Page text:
Posted by Ellen Higgs
‘On Wednesday 22nd June 2016, a small uncatalogued archive of Martin William Frederiksen’s collection of 35mm slides, photographs and negatives was transferred from Worcester College, Oxford to the Institute of Archaeology.
Martin William Frederiksen was in international scholar, attending and teaching at various institutions across the world. He was born in Sumatra in 1930 and grew up in Canberra, before studying history at first the University of Sydney in 1957 and then Balliol College, Oxford in 1954, as a Scholar in Classical Studies and as Craven Fellow. He then attended the British School at Rome, retaining strong links with both the school and Italy throughout his lifetime. After becoming PS Allen Junior Research Fellow and obtaining a Masters from Corpus Christi College, Oxford, in 1960 Frederiksen became a fellow and tutor in Ancient History at Worcester College. Unfortunately Frederiksen was killed whilst crossing an Oxford road in July 1980, causing a great loss to classical scholarship both in England and Italy.
Frederiksen’s archive contains 1,183 35mm slides that he had collected or taken throughout his career as well as a number of photographs and negatives of all shapes and sizes. Both media mainly portray the Roman archaeological sites that he visited or was interested in.
From my first look into our newly acquired collection, the majority of the archive itself appears to be in a reasonable condition, with the exception of a few of the slides with a fetching pink tinge as the cyan and yellow dyes have faded. I have, however, encountered challenges with the containers that a number of the slides are housed. Within the collection are two leather slide cases with red interiors that, fortunately for the slides inside, managed to escape the mould that has encroached on the exterior. We had noted that this archive did seem to smell and now we have found and dealt with the source.
Although some of the collection consists of original images taken by Frederiksen, a large number are duplicates which he purchased throughout his career. Frederiksen’s archive includes what appear to be photographs by Fratelli Alinari. Alinari, being established in 1852, is the oldest photographic company in the world and is still active today. The presence of one particular Alinari image within Frederiksen’s collection is particularly interesting due to an image of the Casa di Pansa in Pompeii: a very similar view has already been uploaded onto the Historic Environment Image Resource.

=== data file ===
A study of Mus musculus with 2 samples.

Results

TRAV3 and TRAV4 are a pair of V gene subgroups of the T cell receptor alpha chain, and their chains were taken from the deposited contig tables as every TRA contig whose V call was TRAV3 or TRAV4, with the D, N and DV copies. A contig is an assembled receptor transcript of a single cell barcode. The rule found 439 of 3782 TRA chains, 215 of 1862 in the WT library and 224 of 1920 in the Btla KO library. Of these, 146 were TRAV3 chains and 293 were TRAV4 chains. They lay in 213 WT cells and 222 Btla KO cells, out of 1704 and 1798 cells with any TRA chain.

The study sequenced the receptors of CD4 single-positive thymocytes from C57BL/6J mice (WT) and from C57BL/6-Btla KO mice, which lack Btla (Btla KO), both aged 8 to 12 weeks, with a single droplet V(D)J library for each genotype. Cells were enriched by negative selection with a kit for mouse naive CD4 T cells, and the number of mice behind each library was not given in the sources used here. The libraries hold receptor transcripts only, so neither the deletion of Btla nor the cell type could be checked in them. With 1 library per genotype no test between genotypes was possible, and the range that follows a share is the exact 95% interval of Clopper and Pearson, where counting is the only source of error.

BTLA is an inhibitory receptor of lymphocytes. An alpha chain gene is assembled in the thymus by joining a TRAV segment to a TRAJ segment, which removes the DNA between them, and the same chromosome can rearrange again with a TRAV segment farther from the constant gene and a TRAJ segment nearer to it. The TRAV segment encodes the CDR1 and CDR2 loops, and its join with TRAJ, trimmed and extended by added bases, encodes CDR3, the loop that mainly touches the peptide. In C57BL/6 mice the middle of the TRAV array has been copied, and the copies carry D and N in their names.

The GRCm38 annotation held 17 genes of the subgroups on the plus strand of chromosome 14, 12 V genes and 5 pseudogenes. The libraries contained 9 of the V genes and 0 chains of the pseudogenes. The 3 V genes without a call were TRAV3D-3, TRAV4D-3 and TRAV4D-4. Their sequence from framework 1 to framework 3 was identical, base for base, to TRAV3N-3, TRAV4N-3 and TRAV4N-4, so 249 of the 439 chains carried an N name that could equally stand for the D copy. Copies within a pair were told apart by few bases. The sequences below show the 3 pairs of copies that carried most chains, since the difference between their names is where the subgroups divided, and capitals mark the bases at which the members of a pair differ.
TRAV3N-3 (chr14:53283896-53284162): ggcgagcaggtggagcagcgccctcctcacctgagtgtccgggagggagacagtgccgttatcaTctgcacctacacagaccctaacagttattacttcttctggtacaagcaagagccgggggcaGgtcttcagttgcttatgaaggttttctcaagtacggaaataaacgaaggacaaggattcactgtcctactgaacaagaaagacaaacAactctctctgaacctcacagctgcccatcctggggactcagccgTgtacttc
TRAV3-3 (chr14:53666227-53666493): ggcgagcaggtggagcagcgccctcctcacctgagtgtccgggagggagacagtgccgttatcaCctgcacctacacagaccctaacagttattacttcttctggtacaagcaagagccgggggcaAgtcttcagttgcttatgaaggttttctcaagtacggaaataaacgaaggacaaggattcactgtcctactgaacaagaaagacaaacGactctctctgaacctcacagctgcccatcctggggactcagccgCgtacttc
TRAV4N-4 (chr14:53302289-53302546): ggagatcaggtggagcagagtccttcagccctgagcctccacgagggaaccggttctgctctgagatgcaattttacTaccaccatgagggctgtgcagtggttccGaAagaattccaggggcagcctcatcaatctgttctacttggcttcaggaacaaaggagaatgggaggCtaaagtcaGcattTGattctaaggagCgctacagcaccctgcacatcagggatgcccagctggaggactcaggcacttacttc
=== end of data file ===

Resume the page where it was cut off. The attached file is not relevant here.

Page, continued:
Through comparing the two images we have been able to find that Frederiksen’s Alinari image from Pompeii pre-dates the view of the Casa di Pansa we have already uploaded, illustrating the changes that have occurred over time. This therefore shows the relevance and usefulness of even duplicated images within the archive.
The fact that a large portion of Frederiksen’s collection is not his original work then poses the question: is this archive still relevant? Aside from the potential of the images in understanding how landscapes have changed over time (as part of the HEIR project) it is of interest to us as an assemblage – a purposeful collection of objects and images illustrating Frederiksen’s scholarship, locating his ideas in time, space and material cultural context.
So, what now? Due to the archives’ current home in cardboard boxes and mouldy slide cases, my next job is to clean and re-house the 35mm slide collection into the appropriate archival boxes and find the best way to store the wide size range of photographs. This will not only make it much easier when it comes to cataloguing the contents of the archive, in order to make the archive more accessible, and help to prevent any further damage to Frederiksen’s archive, but will enable us to have a better understanding of what exactly we have acquired and what we can learn from the collection.’
Ellen has been volunteering in the archive for several years while studying for her BA in English and History at Oxford Brookes University. She will soon be beginning a postgraduate course in archives…
This is another archive tranche which will be worth looking forward to help in rescuing. I know its classical, of which there seems to an abundance in comparison to the early medieval (Anglo-Saxon) but it does add the the jigsaw of time as seen by early photography.
We agree – there is so much more research to do in these archives.